The first Reading evoked three reflections from me. First, this
is one more description of people in one time and place worshiping
gods (gold, silver, bronze, iron, wood, and stone) versus God. This
behavior is centuries old, across all cultures and places –
and, continues today. Everyone reading today’s Readings can
reflect on what are the gods in their time and place being worshipped
rather than God. These gods might be things or activities.
A second reflection was the parallel between the king offering Daniel
so many incentives and the devil offering Christ so many incentives
– if they would only do certain behaviors, they could have
certain gifts. Both the king and the devil used the incentives of
power, money, and status to change behavior. Are those incentives
being used in November 2007 to cause individuals in your place on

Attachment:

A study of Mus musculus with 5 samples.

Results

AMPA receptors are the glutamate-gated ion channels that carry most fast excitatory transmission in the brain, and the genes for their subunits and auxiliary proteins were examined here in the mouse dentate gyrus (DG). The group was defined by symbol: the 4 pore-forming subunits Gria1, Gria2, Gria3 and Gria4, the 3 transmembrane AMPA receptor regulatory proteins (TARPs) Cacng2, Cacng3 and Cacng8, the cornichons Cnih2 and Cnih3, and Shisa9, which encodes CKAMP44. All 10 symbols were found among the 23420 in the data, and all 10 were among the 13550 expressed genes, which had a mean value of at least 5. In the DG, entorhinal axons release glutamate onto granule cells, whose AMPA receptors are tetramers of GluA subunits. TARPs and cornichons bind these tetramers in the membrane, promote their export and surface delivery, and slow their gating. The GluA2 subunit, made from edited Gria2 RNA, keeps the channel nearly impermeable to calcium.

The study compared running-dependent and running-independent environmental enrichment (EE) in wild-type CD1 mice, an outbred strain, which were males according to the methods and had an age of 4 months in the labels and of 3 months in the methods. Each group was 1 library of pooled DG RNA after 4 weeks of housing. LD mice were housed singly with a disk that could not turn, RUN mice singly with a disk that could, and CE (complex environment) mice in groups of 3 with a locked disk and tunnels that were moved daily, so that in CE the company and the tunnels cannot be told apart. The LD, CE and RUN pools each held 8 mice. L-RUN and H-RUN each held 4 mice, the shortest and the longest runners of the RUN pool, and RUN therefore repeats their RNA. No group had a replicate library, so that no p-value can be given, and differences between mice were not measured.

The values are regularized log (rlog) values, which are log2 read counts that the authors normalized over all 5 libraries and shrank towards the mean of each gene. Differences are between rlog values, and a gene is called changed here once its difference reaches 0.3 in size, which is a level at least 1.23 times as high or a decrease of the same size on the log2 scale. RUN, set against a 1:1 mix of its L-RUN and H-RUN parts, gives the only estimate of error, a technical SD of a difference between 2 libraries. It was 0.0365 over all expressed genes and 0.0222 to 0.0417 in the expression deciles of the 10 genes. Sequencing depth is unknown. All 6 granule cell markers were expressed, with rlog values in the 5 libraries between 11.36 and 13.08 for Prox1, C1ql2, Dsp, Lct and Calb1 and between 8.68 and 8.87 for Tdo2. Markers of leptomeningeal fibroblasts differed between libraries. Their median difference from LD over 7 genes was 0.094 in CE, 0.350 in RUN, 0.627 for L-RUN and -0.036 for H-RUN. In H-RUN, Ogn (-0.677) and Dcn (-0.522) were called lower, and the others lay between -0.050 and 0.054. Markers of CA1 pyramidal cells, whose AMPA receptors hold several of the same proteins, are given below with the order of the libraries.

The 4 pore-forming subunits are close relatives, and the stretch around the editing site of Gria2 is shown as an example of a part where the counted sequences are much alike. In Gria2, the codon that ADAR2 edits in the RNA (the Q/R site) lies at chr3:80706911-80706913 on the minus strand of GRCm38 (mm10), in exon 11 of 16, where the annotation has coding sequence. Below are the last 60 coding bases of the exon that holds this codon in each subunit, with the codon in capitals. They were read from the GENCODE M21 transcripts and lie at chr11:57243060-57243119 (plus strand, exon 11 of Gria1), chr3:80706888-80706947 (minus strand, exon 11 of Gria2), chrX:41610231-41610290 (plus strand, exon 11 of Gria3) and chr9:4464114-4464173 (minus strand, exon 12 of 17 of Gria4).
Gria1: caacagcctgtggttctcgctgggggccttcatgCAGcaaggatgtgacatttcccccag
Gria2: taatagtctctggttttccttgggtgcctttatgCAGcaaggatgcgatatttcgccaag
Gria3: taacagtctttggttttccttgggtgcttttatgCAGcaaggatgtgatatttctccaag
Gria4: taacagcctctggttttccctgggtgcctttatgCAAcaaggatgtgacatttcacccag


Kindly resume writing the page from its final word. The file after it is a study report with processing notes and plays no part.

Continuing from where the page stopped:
the globe to worship a god?
A third reflection related to a panel discussion I heard this week
following a short film. Someone at Creighton University facilitated
a Native-American filmmaker to show a short film he made about the
ethnic identity journey/struggle that young Native-Americans have.
The movie was powerful – but, not nearly as powerful as the
panel of about eight Creighton University Native-American students
who told, quite openly, about their ethnic and spiritual identity
journeys, struggles, and challenges. The room was packed with 200
plus Caucasian Creighton students and a healthy sprinkling of faculty
and staff. The proverbial “you could hear a pin drop”
atmosphere pervaded. It was a wake-up call to me, and, perhaps others,
of all that goes on in the developmental lives of young adults in
this country. Several of the panel discussants noted some differences
between their cultural values and that of the mainstream United
States culture, i.e., the latter is loud, boisterous, and activity-seeking.
They are more comfortable with a culture that is more quiet and
at peace with the earth. I reflect on how this relates to this Reading
and how one develops and practices one’s spirituality.